SALT LAKE CITY — A man already serving time in the Utah State Prison for the rape of a University of Utah student nearly 30 years ago — and who at one time was also charged with murdering a second U. student as well as three other women in Illinois — is now accused in a cold case homicide from West Valley City from 1996.

Donald Eugene Younge Jr., 57, was charged Thursday in 3rd District Court with murder, aggravated kidnaping and aggravated robbery, all first-degree felonies.

Lisa Redmond, 36, who worked as a pizza delivery woman for a West Valley Pizza Hut restaurant, 3390 S. 5600 West, was last seen on Dec. 9, 1996, at 9:45 p.m. as she left to make her final run of the night.

Just 10 minutes later, her body was spotted by a passerby at 3100 S. 5420 West. An autopsy later determined her injuries were caused by blunt force trauma to her head and torso, and she may have been run over by her own truck. Her 1994 GMC extended-cab pickup, which she used to make deliveries, was found the next day near 3300 S. 4440 West.

“During an inventory search of Lisa’s truck, detectives saw signs of a struggle in the cab of the truck. Blood was found on the front passenger seat, on the head rest, and on the interior near the passenger door. A shoe print was found on the passenger door and was confirmed to belong to Lisa. Blood was found on the lower passenger-side rocker panel leading to the rear of the truck, there was blood spot located on the exhaust system on the passenger side, and blood was found on the components underneath the truck suggesting that Lisa was run over,” according to charging documents.

A knife with a palm print was found in the truck as well as blood on a seat belt buckle, the charges state.

In 2000, Pizza Hut upped its reward for information in the case to $10,000.

Still, the case became cold, and no one was ever arrested.

Lisa Redmond
Lisa Redmond (Photo: Family photo)

From the beginning, West Valley City Police Chief Colleen Jacobs says it was a classic “whodunit” case.

“There were very few leads to follow in the beginning,” the chief said Thursday. “With the advances in technology, we’ve been able to (put together) many of these missing pieces in this case.”

Thanks in part to advances in DNA technology, in 2019 a match was made to Younge based on the blood preserved from the seat belt buckle.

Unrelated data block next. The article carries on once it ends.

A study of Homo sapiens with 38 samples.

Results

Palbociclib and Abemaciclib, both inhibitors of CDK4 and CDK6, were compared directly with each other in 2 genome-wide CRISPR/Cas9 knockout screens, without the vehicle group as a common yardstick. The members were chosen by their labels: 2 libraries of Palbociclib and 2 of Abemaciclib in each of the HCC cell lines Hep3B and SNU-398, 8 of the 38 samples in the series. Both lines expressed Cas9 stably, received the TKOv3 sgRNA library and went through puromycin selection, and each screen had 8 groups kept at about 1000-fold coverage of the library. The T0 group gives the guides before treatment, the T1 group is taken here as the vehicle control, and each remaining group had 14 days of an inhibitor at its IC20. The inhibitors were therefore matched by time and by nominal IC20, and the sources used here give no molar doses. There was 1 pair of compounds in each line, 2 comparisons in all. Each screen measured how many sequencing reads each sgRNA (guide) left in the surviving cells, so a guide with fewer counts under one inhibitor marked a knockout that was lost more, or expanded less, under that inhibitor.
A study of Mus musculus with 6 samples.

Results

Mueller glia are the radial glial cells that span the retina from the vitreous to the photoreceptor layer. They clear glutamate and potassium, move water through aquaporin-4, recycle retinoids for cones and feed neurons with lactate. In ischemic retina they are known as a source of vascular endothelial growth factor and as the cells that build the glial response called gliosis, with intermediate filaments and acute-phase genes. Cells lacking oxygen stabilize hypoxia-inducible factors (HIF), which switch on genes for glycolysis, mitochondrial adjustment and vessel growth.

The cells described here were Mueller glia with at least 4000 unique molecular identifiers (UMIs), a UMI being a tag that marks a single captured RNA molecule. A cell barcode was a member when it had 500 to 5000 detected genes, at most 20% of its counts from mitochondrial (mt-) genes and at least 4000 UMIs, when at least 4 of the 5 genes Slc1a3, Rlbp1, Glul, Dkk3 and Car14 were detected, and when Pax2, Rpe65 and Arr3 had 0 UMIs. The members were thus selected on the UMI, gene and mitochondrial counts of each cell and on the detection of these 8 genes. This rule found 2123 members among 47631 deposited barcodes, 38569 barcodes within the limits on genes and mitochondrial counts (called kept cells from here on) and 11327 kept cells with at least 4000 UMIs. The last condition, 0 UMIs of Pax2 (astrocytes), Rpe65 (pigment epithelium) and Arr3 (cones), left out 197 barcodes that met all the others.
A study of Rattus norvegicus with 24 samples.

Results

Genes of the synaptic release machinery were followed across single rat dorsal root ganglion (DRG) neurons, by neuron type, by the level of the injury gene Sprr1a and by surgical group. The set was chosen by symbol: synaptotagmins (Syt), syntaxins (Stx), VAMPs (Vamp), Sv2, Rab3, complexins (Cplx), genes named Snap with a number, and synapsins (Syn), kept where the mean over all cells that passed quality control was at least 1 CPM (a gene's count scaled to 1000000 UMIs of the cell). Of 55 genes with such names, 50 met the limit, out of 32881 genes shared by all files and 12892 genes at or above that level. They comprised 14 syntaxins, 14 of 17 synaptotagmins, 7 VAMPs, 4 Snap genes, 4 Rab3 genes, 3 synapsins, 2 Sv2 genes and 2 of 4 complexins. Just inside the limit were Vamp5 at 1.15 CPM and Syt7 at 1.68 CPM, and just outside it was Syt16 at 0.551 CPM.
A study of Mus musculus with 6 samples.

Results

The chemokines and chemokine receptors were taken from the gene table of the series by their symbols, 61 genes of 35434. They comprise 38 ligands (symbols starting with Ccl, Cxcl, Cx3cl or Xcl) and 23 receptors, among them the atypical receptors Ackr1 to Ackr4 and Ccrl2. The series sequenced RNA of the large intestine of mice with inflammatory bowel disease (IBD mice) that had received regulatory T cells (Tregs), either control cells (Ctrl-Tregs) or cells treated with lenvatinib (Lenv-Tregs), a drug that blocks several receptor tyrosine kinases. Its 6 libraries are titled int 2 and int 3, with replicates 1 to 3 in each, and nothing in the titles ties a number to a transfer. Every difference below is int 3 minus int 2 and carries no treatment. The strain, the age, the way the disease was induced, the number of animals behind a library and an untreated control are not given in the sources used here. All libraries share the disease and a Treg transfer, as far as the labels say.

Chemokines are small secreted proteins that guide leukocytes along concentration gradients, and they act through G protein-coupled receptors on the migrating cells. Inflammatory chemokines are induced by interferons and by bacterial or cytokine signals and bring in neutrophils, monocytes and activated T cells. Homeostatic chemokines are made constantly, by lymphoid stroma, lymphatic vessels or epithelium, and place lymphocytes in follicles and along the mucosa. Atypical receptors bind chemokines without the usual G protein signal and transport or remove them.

“(Investigators) thought they had exhausted looking at all the samples,” Salt Lake County District Attorney Sim Gill said Thursday while announcing the charges. “But these other pieces that were there were not tested.”

In 2019, Younge was interviewed by detectives, according to the charges.

“Younge was informed that his DNA and prints were found at the scene of a homicide that occurred in December 1996,” the charges state.

Younge initially denied even being in West Valley City, according to investigators. But police say he allegedly believed detectives were talking about DNA from a sex assault.

“When Younge was informed that it was blood DNA, Younge stated that if his DNA and prints were on scene, and if detectives weren’t interviewing anyone else, that he was clearly the suspect in this case,” according to charging documents.

During a news conference on Thursday, Gill noted that in 2019, prosecutors knew they had time to build a strong case. That’s because Younge was already serving a lengthy sentence in the Utah State Prison.

Younge was convicted in 2010 of a brutal sexual assault that happened on Nov. 7, 1996. The victim was a 23-year-old University of Utah student who was attacked as she was walking home from campus. He was sentenced to at least 30 years and up to life in the Utah State Prison. That case was also solved thanks to DNA evidence.

But before his rape conviction, in 2008, Younge was charged with murder in the 1999 stabbing death of 22-year-old U. theater student Amy Quinton in her Salt Lake City apartment. That case was put on hold, however, when Younge was linked to the killings of three women in Illinois, and prosecutors in that state were told to proceed. But when that case was dismissed due to credibility issues of a key prosecution witness, Younge was transferred back to Utah to face the murder charge in the Quinton case.

Quinton’s death was a capital murder case for which prosecutors said they would seek the death penalty. But in 2012, that case was also dismissed due to evidentiary concerns. Quinton’s mother told reporters at the time that she was convinced Younge was responsible for her daughter’s death. On Thursday, Gill called the investigation into the killing of Quinton still very active and declined to say whether Younge had been excluded as a possible suspect.

In 2017, the Utah Board of Pardons and Parole ordered Younge to serve 23 more years in prison for his 1996 rape conviction before another parole hearing is held in February 2040.

“Justice for Lisa and her family has been a long time coming,” Jacobs said.

Redmond’s husband, James E. Redmond Jr., was killed in a crash near Fort Collins, Colorado, in June 1999. The couple’s two children, Megan and Nathan, were sent at that time to live with James Redmond’s parents in Colorado. Jacobs said on Thursday that her office had been in touch with Redmond’s family to notify them of the charges but declined to talk about their reaction to the news, saying that the family has requested privacy at this time.